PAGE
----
Sunday, January 23, 2011

Hoogle Embed

Summary: Hoogle Embed lets you include a small interactive Hoogle search box on your web page.

I have just released Hoogle 4.2, which adds the feature Hoogle Embed, letting you embed a small Hoogle powered search box on any web page. For an example, visit the Hoogle page on my website, and try typing "database" in the search box on the right. You should see:

As you type, the search box will perform Hoogle searches on the Hoogle API, and display the results. Selecting a result will visit the associated documentation. Pressing the Search button will perform the search at the Hoogle website.

  • Hoogle Embed has been tested in Chrome, Firefox and IE. Using IE Using IE 7 or below you may not see results unless the page being displayed is on the same server as the Hoogle instance (i.e., due to restrictions on cross domain AJAX requests. This limitation can probably be overcome with additional work, if people are interested.

  • Hoogle Embed degrades gracefully if the browser does not support Javascript, leaving just the search box.

  • Configuration options allow you to automatically add a prefix or suffix to the users search, for example adding +hoogle to search only the Hoogle API.

  • This feature works with either a custom Hoogle instance, or the standard version on

Using Hoogle Embed in your web page

To include Hoogle Embed on a web page, simply add the following piece of HTML:

<script type="text/javascript" src=""></script>
<script type="text/javascript" src=""></script>
<form action="" method="get">
<input type="text" name="hoogle" id="hoogle" accesskey="1" />
<input type="hidden" name="prefix" value="+base" />
<input type="submit" value="Search" />

To use a different Hoogle server change the action field of the form. To specify a prefix/suffix for all searches add an input field with the name prefix/suffix. For example, the above snippet only searches the base pacakge. By eliminating the prefix line it will search using the default Hoogle settings (the Haskell platform).

The Hoogle Embed feature is usable on any web page, but I think would be particularly effective on pages such as the Hackage page for a package, or for any Haddock documentation (perhaps when using a flag such as --hoogle-embed). I encourage anyone who is interested to submit patches to the relevant projects.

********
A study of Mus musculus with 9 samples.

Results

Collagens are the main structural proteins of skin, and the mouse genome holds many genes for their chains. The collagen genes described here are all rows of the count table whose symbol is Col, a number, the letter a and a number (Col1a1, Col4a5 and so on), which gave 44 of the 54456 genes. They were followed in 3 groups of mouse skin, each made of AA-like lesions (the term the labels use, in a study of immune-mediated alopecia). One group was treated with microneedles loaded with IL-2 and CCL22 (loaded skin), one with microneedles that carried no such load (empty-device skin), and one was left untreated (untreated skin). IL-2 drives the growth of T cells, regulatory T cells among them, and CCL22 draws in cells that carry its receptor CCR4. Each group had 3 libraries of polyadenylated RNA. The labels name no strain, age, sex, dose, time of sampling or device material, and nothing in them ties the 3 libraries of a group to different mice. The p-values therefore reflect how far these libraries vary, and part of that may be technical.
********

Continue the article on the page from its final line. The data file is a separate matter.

Hoogle Manual

I am currently considering the issue of documentation, and would welcome other peoples thoughts. Currently the Hoogle manual is hosted on the Haskell Wiki, but is somewhat out of date. For all other packages, I tend to write an HTML manual stored in the darcs repo, such as for hlint. There are advantages to both formats - the wiki can be easily edited by many people, but the darcs manual can be updated simultaneously with the code and is available offline (most Hoogle work is done on a train without internet access, so this issue is very relevant). My current thought is to remove the wiki page and move it's contents into darcs.

Edit: Fixed the Javascript links.

Edit 2: Hoogle Embed now works cross domain in IE 8 and above.


Simon Michael said...

Great! Testing at I don't think instant search is working there - should it be ?

Neil Mitchell said...

Sorry, I gave the wrong URL's for the Javascript - they should have been under hoogle/datadir/resources/*.js, not just hoogle/*.js. I've copied the files to both though, so your hledger search now works - but I recommend changing the URL's since the other ones are the ones I regularly update.

Thanks for pointing out the problem.

Simon Michael said...

Awesome, fixed.

Wei Hu said...

How is IE's security policy different from the other browsers that constrains your script?

Neil Mitchell said...

Wei: By default, no browser lets XmlHttpRequest retrieve pages from a different domain. In Firefox/Chrome there is an exception if the server you send a request to explicitly allows it (using Access-Control-Allow-Origin *, which Hoogle sends). In IE 6/7 there is no way to retrieve the information without horrible IFRAME trickery, which isn't very flexible, and is very hacky. In IE 8 you can use the XDomainRequest object, but it's annoying to use a different method just for IE (but I probably will eventually...).

Part of the problem is that IE6 is still in use, and IE8 is fairly old, whereas no one runs old versions of Chrome or Firefox. New specifications (like cross site AJAX) therefore aren't in IE.

Neil Mitchell said...

Wei: I now updated the code so it works on IE8 and above, but not in IE7/6.

kowey said...

Maybe a wiki backed by the Hoogle darcs repo via gitit? You can obliterate the default gitit patches.

Neil Mitchell said...

Eric: I did consider that. Then I realised I don't have the time/effort/energy to set it up - I could review/apply the patches but that's about it. If anyone wanted to do the rest that would be great...

Anton Cheshkov said...

why do you ignore problem in you haskell libraries. I wrote you emails about CmdArgs issues more then two times. You ignore its why ?

Neil Mitchell said...

AHTOH (very sorry for the name, my browser is failing to get the right characters): I'm sorry for not responding, but I haven't received your emails. Could you forward them again, put their contents as a message on this blog, or paste your email address here? I definitely want to hear any problems you are having with cmdargs!

Anton Cheshkov said...

i wrote you from to
I will resend my letter today.


Neil Mitchell said...

I got an email from you this morning (expect a reply shortly!), searched my inbox and found 5 additional emails - but all sent to the web-devel list about other things. I checked spam and found nothing there. It seems something lost your messages.